Venture Capital investments in the first quarter of 2011 totaled more than $2.6 billion in over 115 deals. This most recent $2.6 billion quarter approaches the record $2.8 billion third quarter of 2008.

I'll leave it to bean-counters and economists to over-analyze the data, but suffice it to say that the reports of the death of greentech VC are greatly exaggerated.

U.S. venture capital investments in greentech totaled $3.7 billion in 2010, according to the MoneyTree Report. The global number was $7.8 billion, according to the Cleantech Group. Realize that the entire venture capital asset class is in the $25 billion range.

Greentech Media has the 2008 total as $7.6 billion in 350 deals and the 2009 number as $4.85 billion in 356 deals. The total was $3.4 billion in 2007.

I have learned not to interpret strong VC numbers as a proxy for a healthy greentech industry or the sectors therein. If that were the case, we would all be driving cars fueled by corn ethanol and every electricity consumer would be programming a home energy monitoring appliance.

If you'd like to see every deal we've tracked this year, here's a link to January part 1 and part 2, February, and March. Again, I'll leave it to others to make pronouncements on the role of capital efficiency, the death of early stage-investing, and the end of VC investment in solar.

The ten biggest deals of the quarter:

BrightSource Energy (Oakland, Calif.) raised a $201 million Round E for its concentrated solar power (CSP) technology and deployment, bringing its total funding to more than $530 million in private equity. That funding is in addition to a federal loan guarantee of $1.3 billion. The investors include Alstom, a French power plant player, as well as the usual suspects -- Vantage Point Venture Partners, Alstom, CalSTRS, DFJ, DBL Investors, Chevron Technology Ventures, and BP Technology Ventures, together with new investors with assistance from Advanced Equities.  VentureWire reports that the latest round values the company in excess of $700 million.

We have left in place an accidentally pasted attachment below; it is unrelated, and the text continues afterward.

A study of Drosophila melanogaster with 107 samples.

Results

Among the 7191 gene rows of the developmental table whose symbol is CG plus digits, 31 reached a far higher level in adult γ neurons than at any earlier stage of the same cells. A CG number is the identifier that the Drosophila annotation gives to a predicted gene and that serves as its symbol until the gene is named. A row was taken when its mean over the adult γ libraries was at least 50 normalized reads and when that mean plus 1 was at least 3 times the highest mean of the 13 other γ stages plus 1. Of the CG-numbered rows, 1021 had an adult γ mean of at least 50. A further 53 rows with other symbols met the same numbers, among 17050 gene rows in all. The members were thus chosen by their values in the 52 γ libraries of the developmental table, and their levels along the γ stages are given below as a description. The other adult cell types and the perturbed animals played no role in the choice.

Fisker Automotive (Irvine, California), an electric vehicle maker, raised $150 million at a $600 million pre-money valuation (according to VentureWire), from New Enterprise Associates and Kleiner Perkins Caufield & Byers. The firm previously raised $350 million in VC, as well as a $528 million loan from the DOE.  

Plasco Energy Group (Ottawa, Ontario), a converter of MSW into renewable energy, raised $145 million in equity funding led by Soros Fund Management.

MiaSolé (Santa Clara, Calif.) raised $106 million for their CIGS thin-film solar panels. The startup's investors include Kleiner Perkins, Firelake Capital and VantagePoint Venture Partners.

Kleiner and TCV made a $135 million investment into OSIsoft, a developer of data management solutions for industrial energy efficiency applications.  

Bloom Energy (Sunnyvale, Calif.) raised $100M from Kleiner Perkins, NEA, and Morgan Stanley, according to Dow Jones VentureWire, for their solid oxide fuel cell.

CODA Holdings (Santa Monica, Calif.), a maker of lithium-ion battery systems and all-electric cars, raised a $76 million Round D from Harbinger Capital Partners,  Riverstone Holdings, Aeris Capital and Angeleno Group. The firm has raised more than $200 million in VC funding, plus a $294 million line of credit from the Bank of Tianjin Joint-Stock.

Solyndra (Fremont, California), a manufacturer of cylindrical solar PV systems for industrial and commercial rooftops, closed $75 million of a secured credit facility underwritten by existing investors. Solyndra had annual revenues exceeding $140 million in 2010 and has shipped almost 100 megawatts of panels for more than 1,000 installations in 20 countries, according to the CEO.

Fulcrum BioEnergy (Pleasanton, California), a next-generation ethanol producer, raised $75 million in Round C funding from Rustic Canyon Partners, U.S. Renewables Group, et al.

Alta Devices (Santa Clara, Calif.), a developer of GaAs-based thin-film photovoltaics, raised $72 million from August Capital, Kleiner Perkins Caufield and Byers, Crosslink Capital, DAG Ventures, New Enterprise Associates , Presidio Ventures, Technology Partners, Dow Chemical and new investors Alberta Investment Management Corporation, Good Energies, Energy Technology Ventures, and Constellation Energy.